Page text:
Revolution in PC Microprocessing

11 October, 2002

Intel are be releasing a PC microprocessor with a new capability developed with the assistance of Dean Tullsen, called hyper-threading. The processor executes instructions from multiple threads/programs at once, as if they all came from a single thread. The CPU duplicates the architectural state on each processor, while sharing one set of processor execution resources. It makes one processor appear as two to the operating system.

Voice controlled electronics

10 October, 2002

Scientist from the Fraunhofer Institute for Computer Graphics Research IGD are working on a voice analysis system and a camera with image processing. They are focussing on designing voice activated electrical appliances and electronic equipment. An example may be a video recorder that is activated by someone saying "Record the news on channel 7 this evening" or a lamp which is turned off by the voice command of "lamp out".

Sealed up with MEMS and IC technologies

02 September, 2002

A wafer scale foundry-based method of hermetically sealing surface sensitive devices such as MEMS and RF has been released by Ziptronix. It operates at room temperature using industry standard tools and materials and incorporating both MEMS and IC technologies.

Organic semiconductors

27 August, 2002

A team of Cornell University researchers is planning to develop a method to connect wires to organic transistors. They are hoping this could lead to computers that are smaller, cheaper and more flexible - literally.

90 nm Semiconductor Manufacturing Process

19 August, 2002

Intel Corporation has made several technology breakthroughs that the company has integrated into its 90-nanometre process. It has used this process to build silicon structures and memory chips. It will put this process into volume manufacturing next year using 300 mm wafers.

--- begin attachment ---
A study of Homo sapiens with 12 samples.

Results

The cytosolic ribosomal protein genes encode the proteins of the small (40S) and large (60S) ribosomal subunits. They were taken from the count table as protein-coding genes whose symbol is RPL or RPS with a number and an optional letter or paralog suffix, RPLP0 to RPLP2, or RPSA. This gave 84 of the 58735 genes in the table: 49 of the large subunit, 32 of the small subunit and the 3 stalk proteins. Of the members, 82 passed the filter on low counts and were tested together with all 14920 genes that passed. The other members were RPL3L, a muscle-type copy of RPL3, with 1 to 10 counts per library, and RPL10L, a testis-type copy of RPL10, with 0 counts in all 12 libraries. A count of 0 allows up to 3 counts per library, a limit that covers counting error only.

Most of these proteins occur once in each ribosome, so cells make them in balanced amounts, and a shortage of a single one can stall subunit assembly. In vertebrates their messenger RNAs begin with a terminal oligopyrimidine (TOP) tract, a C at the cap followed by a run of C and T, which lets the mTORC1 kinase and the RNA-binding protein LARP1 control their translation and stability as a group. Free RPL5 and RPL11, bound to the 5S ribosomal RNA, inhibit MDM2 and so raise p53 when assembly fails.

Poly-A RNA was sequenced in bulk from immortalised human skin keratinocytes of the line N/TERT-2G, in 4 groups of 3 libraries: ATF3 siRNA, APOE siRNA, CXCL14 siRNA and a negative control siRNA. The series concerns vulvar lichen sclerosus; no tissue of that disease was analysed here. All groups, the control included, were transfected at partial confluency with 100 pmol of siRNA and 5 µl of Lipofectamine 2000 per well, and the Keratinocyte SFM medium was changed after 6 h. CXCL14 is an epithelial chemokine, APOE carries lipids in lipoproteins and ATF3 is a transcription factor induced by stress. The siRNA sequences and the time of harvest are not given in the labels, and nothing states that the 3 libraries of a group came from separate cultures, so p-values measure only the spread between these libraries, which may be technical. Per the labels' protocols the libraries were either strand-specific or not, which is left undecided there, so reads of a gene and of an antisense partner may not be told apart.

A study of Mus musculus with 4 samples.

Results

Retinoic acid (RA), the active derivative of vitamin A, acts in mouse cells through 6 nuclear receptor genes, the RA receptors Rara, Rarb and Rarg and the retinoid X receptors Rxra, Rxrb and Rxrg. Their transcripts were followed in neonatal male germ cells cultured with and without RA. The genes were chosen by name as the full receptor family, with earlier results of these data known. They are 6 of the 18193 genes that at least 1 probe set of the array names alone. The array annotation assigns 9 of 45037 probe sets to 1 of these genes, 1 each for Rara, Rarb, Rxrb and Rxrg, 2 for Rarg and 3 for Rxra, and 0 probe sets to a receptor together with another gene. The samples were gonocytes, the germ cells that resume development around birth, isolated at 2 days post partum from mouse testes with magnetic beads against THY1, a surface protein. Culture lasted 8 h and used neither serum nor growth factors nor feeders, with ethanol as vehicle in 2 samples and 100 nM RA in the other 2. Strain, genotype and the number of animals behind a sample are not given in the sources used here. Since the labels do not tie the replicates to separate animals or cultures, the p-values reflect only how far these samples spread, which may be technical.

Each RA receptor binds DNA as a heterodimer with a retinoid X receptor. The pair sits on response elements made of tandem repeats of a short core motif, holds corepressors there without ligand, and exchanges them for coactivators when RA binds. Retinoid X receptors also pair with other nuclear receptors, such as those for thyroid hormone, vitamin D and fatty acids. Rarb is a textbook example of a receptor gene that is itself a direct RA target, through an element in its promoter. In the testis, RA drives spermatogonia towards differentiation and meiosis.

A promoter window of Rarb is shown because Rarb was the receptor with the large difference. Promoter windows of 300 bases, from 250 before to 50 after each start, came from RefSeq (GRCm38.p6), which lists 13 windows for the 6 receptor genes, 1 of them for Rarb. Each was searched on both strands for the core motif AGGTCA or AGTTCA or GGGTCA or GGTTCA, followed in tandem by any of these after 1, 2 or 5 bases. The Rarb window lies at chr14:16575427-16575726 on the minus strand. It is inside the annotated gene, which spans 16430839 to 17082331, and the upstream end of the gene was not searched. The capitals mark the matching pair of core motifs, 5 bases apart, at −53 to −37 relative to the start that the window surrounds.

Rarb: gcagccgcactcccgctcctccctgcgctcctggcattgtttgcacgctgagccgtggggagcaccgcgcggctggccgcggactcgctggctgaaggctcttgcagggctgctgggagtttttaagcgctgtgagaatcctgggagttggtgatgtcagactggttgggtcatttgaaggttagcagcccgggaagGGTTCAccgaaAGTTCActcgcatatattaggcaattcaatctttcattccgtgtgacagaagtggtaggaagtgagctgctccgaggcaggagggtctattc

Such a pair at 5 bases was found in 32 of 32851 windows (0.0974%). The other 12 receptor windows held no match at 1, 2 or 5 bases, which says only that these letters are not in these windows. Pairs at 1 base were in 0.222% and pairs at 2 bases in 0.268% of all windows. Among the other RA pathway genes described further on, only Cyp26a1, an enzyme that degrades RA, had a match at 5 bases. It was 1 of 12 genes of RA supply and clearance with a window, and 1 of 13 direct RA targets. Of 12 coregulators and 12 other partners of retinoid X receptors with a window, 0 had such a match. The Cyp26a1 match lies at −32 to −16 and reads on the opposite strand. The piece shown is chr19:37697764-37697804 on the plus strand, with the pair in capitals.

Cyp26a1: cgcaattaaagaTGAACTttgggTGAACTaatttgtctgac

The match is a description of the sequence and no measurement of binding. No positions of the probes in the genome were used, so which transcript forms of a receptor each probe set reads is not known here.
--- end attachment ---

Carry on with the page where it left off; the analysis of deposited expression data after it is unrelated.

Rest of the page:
Nanotube technology to replace silicon chips

24 May, 2002

IBM scientists have developed a transistor technology that could enable production of a new class of smaller, faster and lower power computer chips than currently possible with silicon.

Low-temperature polysilicon

05 May, 2002

In the active-matrix liquid-crystal displays (AMLCDs)now typically found in laptop computers and an increasing number of monitors, each pixel is driven by an amorphous-silicon transistor that is fabricated directly onto the glass

Design Software

09 April, 2002 | Supplied by: Braemac Pty Ltd

The Quartus II Web Edition software is a design, place-and-route, and verification environment available as a free download from the Altera web site.

Philips integrates passives for RF design

14 March, 2002

Royal Philips Electronics has launched a semiconductor passive integration technology that the company said will lower costs for handset manufacturers.

DeviceMate development kit

12 March, 2002 | Supplied by: Dominion Electronics

The DeviceMate development kit offers integration of hardware and software, allowing users to remotely monitor and supervise any programmable device equipped with a serial interface. The kit contains everything needed to jumpstart development, including the RCM2200 core module as the DeviceMate unit, a sample target unit, complete DeviceMate software with no royalties or licence fees, and a demonstration system.

Intel's quandary over hyper-threading future

04 February, 2002

Hyper-threading is something of a mystery, and Intel are still unsure how to release it successfully to the industry.

Motion Software

11 December, 2001 | Supplied by: National Instruments Aust Pty Ltd

Text-based programmers can integrate motion into measurement applications created with Measurement Studio, a complete set of measurement tools that complements popular programming languages.

Colour technology for transflective displays

11 October, 2001

Philips has just introduced a technology that enhances luminance and colour saturation in transflective liquid-crystal displays without significantly increasing power consumption.

IBM stretchs silicon

03 July, 2001

IBM has discovered a way to alter silicon, the fundamental material at the heart of microchips, and the breakthrough is expected to increase chip speeds by up to 35%.

Designer Software

10 April, 2001 | Supplied by: National Instruments Aust Pty Ltd

National Instruments has announced DAQ Designer 2001, a free CD that helps engineers and scientists interactively configure custom measurement systems.